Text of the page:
Over the weekend we have had Halloween, which means that it was spooky movie season. I talked a lot about them in the 80’s movies and Creature Features articles. But the one that I got to watch was Crimson Peak. How did this gothic horror film by Guillermo Del Toro stand up for a modern horror film?

Crimson Peak is the story of Edith Cushing, an aspiring author, who has her world turned on it’s head through a series of tragic events and the introduction of a mysterious stranger, Thomas Sharpe. Falling in love with him, she returns to the family manor and clay mines which had brought them to her town and her father in the first place. Things aren’t going well there, the manor is falling apart and Thomas’ sister Lucille is not welcoming of her. Then, she starts to see ghosts who are wandering the manor and tormenting her. Something is very much not as it seems, but can she find out in time?

Image Source: Legendary Pictures

Guillermo Del Toro is a master of a beautiful aesthetic, and this film is no different. Everything is shot amazingly for a nice creepy factor but still has almost a haunting beauty to it. The manor is amazingly done, and the aesthetic even before and just the costuming makes everything stand out in this film. The horrific elements even have what is an interesting aesthetic to them and are almost beautiful in their own way.

But, for me, I don’t know that was enough to save the film. I liked the acting in the film, Tom Hiddleston, Jessica Chastain, and Mia Wasikowska do a good job in this film. I think that Jessica Chastain in a lot of ways steals the show, though, I won’t say why as that will spoil things. In terms of a horror film, the acting generally much much better than you’d see. But in terms of overall acting, it is just good, nothing that stands out so amazingly, but also nothing that is wrong with it. I think that they work for the aesthetic that has been created, but, and I’ll get to it next, I think that the story doesn’t do them a ton of favors.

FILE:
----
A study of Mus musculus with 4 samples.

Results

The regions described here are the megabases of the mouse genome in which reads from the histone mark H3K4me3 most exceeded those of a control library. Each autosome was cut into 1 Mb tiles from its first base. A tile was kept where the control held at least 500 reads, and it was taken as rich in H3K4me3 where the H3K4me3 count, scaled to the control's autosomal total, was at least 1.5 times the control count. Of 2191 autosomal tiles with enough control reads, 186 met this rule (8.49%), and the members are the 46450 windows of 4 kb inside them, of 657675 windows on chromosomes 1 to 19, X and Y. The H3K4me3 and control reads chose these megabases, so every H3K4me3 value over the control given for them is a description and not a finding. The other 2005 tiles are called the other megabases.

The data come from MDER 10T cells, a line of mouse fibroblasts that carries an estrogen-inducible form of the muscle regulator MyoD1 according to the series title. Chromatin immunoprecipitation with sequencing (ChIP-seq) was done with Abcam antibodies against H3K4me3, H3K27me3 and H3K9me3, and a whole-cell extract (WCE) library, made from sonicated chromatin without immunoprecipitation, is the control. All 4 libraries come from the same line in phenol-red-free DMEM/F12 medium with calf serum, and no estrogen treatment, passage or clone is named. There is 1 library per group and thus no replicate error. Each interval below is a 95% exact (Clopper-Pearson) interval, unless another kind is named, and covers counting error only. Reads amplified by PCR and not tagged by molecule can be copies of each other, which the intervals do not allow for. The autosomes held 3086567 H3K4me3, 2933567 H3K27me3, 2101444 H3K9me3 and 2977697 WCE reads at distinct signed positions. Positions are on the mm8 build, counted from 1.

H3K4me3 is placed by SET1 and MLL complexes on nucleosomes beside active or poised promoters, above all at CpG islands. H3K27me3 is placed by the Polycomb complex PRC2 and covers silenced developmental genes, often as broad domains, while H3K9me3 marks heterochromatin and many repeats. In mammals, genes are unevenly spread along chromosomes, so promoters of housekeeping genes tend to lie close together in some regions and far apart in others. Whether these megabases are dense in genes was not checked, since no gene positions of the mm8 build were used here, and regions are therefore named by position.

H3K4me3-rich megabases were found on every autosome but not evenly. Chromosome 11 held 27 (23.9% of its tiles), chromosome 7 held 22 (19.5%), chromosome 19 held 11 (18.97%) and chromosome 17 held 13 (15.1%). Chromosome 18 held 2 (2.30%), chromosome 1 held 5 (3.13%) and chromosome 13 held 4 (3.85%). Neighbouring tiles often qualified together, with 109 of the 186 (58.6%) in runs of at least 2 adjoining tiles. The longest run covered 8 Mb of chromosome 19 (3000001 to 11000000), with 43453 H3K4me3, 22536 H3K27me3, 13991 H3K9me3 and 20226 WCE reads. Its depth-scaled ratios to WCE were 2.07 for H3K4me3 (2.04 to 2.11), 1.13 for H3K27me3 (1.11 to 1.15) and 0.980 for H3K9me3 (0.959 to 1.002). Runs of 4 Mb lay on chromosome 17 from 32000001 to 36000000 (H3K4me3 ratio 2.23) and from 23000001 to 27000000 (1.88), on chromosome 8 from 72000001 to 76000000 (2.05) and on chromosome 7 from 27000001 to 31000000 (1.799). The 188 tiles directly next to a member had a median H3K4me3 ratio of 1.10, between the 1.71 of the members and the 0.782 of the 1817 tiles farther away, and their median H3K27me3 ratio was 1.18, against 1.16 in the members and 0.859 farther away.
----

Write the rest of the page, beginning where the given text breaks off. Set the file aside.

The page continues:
Image Source: Legendary Pictures

In terms of the story, the issue is that this is a movie that doesn’t do anything unexpected. I think that for me was what really disappointed. It follows a lot of horror tropes, but it doesn’t really have any of the predictable twists, but that’s because it just doesn’t really have any twists in it. I think that the story just ends up feeling flat which causes the rest of the film to suffer. It feels like it’s a bit of a waste when it comes to the aesthetic because nothing stands out as that amazing a horror element. Instead it’s just an average story that bounces between feeling like half a period piece, half a horror film, and generally fairly unfocused. Del Toro has blended two elements well before with Pan’s Labyrinth, but this one ends up not having the same heart and depth that one does. And in some ways, that makes it more disappointing. I like a lot of what Del Toro does, I’m a big fan of Pacific Rim and Pan’s Labyrinth is great, but this movie just lacks the heart that those have, and anything that feels that interesting, beyond the setting. It feels like it should do so much more than it does, instead ending up a beautiful hollow shell.

Let me finish up by saying that when this movie came out originally, I was very excited for it. I’m glad that I didn’t see it in theaters, but I’m also not sorry that I’ve watched it. Like I said, Del Toro nails the aesthetic for this film, there is the right amount of creep and gore, but it’s lacking the heart. And I think for a film that takes itself seriously, it needs that heart, otherwise it feels, as I said before, like a beautiful but hollow shell. If it was more of a B film feel, it’d need other things as well, if it was going for more of a suspenseful story, it’d need other things. Overall, an enjoyable watch, but in the end, just missing that final little bit to put it over the edge.